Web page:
Desert Dessert in a Deserted Winter Wonderland
The beauty of livin' in SoCal is that Cali sun is beamin' 365. The winter is the desert season to treat yourself to the solace from the summer sun since there's little to no shade coverage in the desolate desert. This past weekend we went out to the Salton Sea for some salty desert dessert.
I've frequented the Salton area numerous times and ridden this route from Mecca to Slab City quite a few times. The route is similar each time (outlined in Brad's Salton Sea post) but variations of more or less side adventures divertin' away from the gravel/dirt path of Gas Line Rd followin' the canal. Our past route included tumbleweed whackin' through rutted, washed out ravines to rollin' down dismantled railroad bridges with missin' boards -- watch where ya step 'cause it's a looong way down!
I enjoy these off-the-beaten-path explorations 'cause it not only offers a more diverse terrain to change up the tune of gravel grindin' but also leads to new sights and sites to see. Careful when explorin' off route and be familiar and aware of your surroundin's. There are areas that are former Salton Sea Test Bases used by the Department of Defense with signs warning folks of possible unexploded ordnances. Avoid the east side of the canal unless you want to play a real life game of Minesweeper.
The allure of the Salton Sea is ironic considerin' it's an enchanted wasteland. The juxtaposition of the captivatin' landscapes paired with the catastrophic environment creates a post-apocalyptic scene as if steppin' into the world of Mad Max -- except we take the motor outta motorcycles 'cause our legs are our engines! But, we weren't the only motorless vehicles around...
Slab City is a unique gem in what may seem like an uninhabitable region. Folks livin' in the Slabs have created a de facto enclave which is why it's considered to be the last free place in the country. Within this community of snowbirds and permanent residents, they've created a town with public institutions like a 24 hour library; granted, the librarians are actually librari-hens and ya don't need a library card to borrow the donated books and VHS's.
East Jesus is a growing art installation living in the natural elements of the desert air. It's composed of found objects recycled into an experimental multimedia garden that is continuously changing. Enterin' into EJ is like bein' warped into an alternate reality of Lonnie Holley's curation of Pee-wee's Playhouse.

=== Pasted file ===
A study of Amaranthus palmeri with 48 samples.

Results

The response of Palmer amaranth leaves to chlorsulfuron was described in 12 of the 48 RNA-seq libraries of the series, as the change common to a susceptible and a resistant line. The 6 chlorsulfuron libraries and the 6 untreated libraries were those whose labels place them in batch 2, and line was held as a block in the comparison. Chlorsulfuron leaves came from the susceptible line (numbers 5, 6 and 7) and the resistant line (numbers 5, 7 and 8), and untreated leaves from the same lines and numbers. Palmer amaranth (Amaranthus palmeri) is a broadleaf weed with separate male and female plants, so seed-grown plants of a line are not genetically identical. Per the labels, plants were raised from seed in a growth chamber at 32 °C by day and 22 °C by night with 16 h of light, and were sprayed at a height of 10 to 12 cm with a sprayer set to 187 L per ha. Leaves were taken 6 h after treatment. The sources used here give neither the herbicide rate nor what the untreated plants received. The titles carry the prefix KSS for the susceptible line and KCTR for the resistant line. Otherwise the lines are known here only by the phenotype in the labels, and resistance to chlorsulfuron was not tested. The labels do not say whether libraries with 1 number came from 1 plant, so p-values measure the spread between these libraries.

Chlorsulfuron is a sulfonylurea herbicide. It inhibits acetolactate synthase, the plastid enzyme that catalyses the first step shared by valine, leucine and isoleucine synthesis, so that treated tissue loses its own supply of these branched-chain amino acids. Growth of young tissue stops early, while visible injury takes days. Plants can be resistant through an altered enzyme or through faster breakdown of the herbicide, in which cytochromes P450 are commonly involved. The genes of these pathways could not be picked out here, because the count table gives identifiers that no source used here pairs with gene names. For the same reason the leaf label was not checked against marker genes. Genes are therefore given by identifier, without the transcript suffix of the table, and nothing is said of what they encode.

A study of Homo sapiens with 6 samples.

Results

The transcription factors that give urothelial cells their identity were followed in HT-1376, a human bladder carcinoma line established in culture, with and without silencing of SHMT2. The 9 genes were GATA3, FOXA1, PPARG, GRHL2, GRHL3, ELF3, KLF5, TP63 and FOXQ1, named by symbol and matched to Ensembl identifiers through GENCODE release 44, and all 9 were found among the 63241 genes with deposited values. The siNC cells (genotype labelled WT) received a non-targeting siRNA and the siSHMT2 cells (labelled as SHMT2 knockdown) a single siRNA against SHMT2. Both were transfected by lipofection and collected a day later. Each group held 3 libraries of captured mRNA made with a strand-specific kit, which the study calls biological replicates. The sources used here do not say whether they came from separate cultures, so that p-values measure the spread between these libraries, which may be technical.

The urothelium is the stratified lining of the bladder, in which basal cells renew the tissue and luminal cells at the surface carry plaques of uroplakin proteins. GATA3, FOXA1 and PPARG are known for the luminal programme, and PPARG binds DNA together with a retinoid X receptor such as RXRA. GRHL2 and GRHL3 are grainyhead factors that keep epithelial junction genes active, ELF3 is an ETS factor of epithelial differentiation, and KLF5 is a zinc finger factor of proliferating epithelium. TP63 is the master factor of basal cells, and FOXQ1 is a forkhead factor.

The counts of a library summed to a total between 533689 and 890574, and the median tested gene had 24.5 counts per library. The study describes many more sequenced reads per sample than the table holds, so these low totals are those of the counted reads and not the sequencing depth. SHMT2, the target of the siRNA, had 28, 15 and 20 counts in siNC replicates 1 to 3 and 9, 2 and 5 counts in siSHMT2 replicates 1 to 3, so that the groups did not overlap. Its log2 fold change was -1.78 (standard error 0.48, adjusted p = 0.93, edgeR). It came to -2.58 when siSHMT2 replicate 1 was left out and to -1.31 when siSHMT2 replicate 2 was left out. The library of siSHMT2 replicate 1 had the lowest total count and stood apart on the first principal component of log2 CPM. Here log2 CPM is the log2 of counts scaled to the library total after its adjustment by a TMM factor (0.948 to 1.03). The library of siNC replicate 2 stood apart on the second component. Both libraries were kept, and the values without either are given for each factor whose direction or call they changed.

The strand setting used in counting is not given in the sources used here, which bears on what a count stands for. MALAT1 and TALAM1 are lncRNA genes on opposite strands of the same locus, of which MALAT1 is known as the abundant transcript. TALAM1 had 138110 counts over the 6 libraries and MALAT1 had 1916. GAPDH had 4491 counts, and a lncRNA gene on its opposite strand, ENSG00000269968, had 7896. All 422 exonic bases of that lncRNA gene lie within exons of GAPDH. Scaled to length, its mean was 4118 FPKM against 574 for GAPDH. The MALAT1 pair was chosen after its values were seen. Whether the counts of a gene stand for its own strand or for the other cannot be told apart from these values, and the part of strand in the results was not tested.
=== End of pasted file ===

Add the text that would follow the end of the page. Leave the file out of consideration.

While attendin' dirt church, we found god. Salvation Mountain is a rainbow mirage out in the middle of the desert. The real irony of this area lies in the contrast of the locals and the visitors. It has become an iconic tourist attraction due to its features in pop culture, like in the film Into the Wild as well as music videos, but also is a destination for the religious. Visitors use the site for a pretty background to have their pictures taken in front of it; but damn, I can't deny that it sure does make for a nice backdrop.
Although, Salvation Mt. is like a Crayola box set melted over the mesa, nothin' compares to the brilliance of a desert sunset. As the sun set, we made our way over to The Range. While visitin' the Slabs on the weekend, it's a must to roll over to The Range, an open-air bar and stage, where the locals host a talent show every Saturday. It's always a treat 'cause I'm blown away by the performers every time. This past show was quite an experience with highlights of a female accordionist singin' lullabies over the sounds of nappy pups and dread-headed munchkins chasin' each other across, over and under the assorted pews. I encourage attendees to chip in to the donation box to help the community sustain such a special weekly event.
The next day we rode down to Bombay Beach -- the lowest community in the country at 223 ft below sea level with a population of less than 300 located near the shore of the Salton Sea. We grabbed a bite and drinks at the Ski Inn, one of the two bars in BB. Don't worry, the fish 'n' chips plate is not locally caught. (; The Ski Inn is a charmin', low-key bar with the walls covered in memories displayed by messages written on dollar bills. The jukebox is filled with some good ol' tunes from the 40s to 80s includin' a range of rock, bluegrass, country and a few pop songs. As we headed out followin' the Salton Sea north, John Denver's voice echos in my mind singin', "Country roads, take me home...
...to a place, where I belong." Although the desert is the complete opposite of where I'm from -- Alabama, where the air is moist all year around -- I feel at home in this dry, vast landscape. I can't help but feel as though I'm Rattata evolvin' into Raticate, and this is what it looks like when a river rat turns into a desert rat!
Thanks to Brad for organizin' this ride for a super salty weekend!